Developing a Modern Slavery Risk Assessment Program
Implementing a supply chain risk assessment program in line with Modern Slavery Act 2018 legislation requirements can be relatively straightforward, however the temptation to implement the program without basic planning can result in inefficiencies and missed opportunities for organisations. Organisations that plan and implement a risk assessment program early are more likely to develop better practices in monitoring, analysing and managing the risk of modern slavery in their supply chains. Organisations that delay implementing a risk assessment program may be required to outsource their risk program to consulting firms to manage (a costly exercise) or face a potential breach of their legislative obligations.
This article focuses on four critical areas to be covered in planning to ensure effective program implementation. If planning is not effective there is a much greater risk of an increase in costs due to additional time and resources spent implementing the program. Figure 1 provides an overview of a sustainable procurement risk assessment framework that can be used to assess the risk of modern slavery in your supply chain (in order to meet the Modern Slavery Act 2018 legislation requirements).
Risk Assessment Approach
Figure 1: Sustainable procurement risk assessment framework
Four stages of preliminary planning
1. Supply chain strategy
An organisation’s supply chain strategy will assist in determining the method and level of risk analysis, monitoring, and managing. In Figure 2 the organisation has its supply chain transparency in the distracting quadrant as it has a very low level of supply chain assessment but its corporate social responsibility policies disclose a medium to the high level of ethical sourcing. In this case, the organisation needs to decide whether to increase its level of supply chain assessment or decrease its level of disclosure in its corporate social responsibility policies.
The organisation’s supply chain disclosure (refer figure 2) is in the critical quadrant as there is a high risk of unethical sourcing in its supply chain and value to the company is high if poor practices are exposed. In this case, the organisation needs to decrease its level of risk in its supply chain by a greater degree of assessment or review how to manage value risk to the organisation.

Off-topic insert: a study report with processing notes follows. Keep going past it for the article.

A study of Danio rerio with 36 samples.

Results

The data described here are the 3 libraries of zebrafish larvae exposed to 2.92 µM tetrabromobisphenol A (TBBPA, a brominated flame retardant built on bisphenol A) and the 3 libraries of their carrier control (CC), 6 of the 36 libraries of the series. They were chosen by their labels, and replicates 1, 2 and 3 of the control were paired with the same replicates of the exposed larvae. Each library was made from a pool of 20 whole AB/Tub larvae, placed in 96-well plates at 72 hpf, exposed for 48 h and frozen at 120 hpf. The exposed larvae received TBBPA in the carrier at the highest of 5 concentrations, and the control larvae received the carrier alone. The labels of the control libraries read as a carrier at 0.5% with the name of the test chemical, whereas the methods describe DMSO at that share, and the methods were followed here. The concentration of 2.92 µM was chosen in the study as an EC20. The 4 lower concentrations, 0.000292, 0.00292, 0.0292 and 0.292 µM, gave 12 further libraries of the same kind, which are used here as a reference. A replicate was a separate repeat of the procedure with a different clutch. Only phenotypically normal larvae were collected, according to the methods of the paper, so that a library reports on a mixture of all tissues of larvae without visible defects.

Figure 2: Supply chain transparency and disclosure matrix (example: organisation).
2 Internal project lead and team
Meeting modern slavery legislative requirements impacts multiple areas of an organisation – legal, corporate social responsibility, human resources, and supply chain (operations and procurement). Each business area can have substantially different perspectives on modern slavery risk and how it should be assessed, managed and monitored. A project lead and team at the general manager (or equivalent) level from each nominated business unit will promote and facilitate the smooth execution of the risk assessment program.
Establishing a framework is essential in effective sustainable procurement. The project team establishing the organisation’s relevant entities, structure, and supply chain will assist in the effective execution of its sustainable procurement risk assessment framework (refer figure 1). Often relevant entities will own or control other entities within the organisation. The supply chain of each of these entities needs to be included in the risk assessment. Legal and finance teams can validate the entity structure that needs to be included in the framework.
The framework will include the following
- Business units (entities) for assessment
- Risk indicators to be measured
- Supplier risk – internal data sources
- Internal risk assessment scope
- Tools for risk analysis and assessment
- Self-assessment criteria
The project team needs to be aligned with the framework prior to seeking approval from the leadership team to ensure effective program execution.
4 Executive leadership approval
The challenge in adopting sustainable procurement is being able to effectively articulate the value it provides to the organisation. Implementing sustainability often suffers when the leadership team does not support it. Irrespective of an organisation’s decision to maintain low levels of supply chain transparency and disclosure, an initiative of sustainable procurement risk management needs to articulate the value of sustainable procurement and an outline of the plan to drive increased supply chain transparency and disclosure for the organisation. There are three key drivers to sustainable procurement – risk, cost, and revenue. Risk in relation to the Modern Slavery Act 2018 legislation requirements is the primary focus of the approval submission, while other elements such as damage to a company’s brand image and reduction in transactional costs are invaluable inclusions. The project lead needs to articulate how the sustainable procurement risk assessment framework (refer figure 1) will improve supply chain transparency and address the risk of modern slavery. These measures will facilitate expediency in the approval process from the executive leadership team (or equivalent).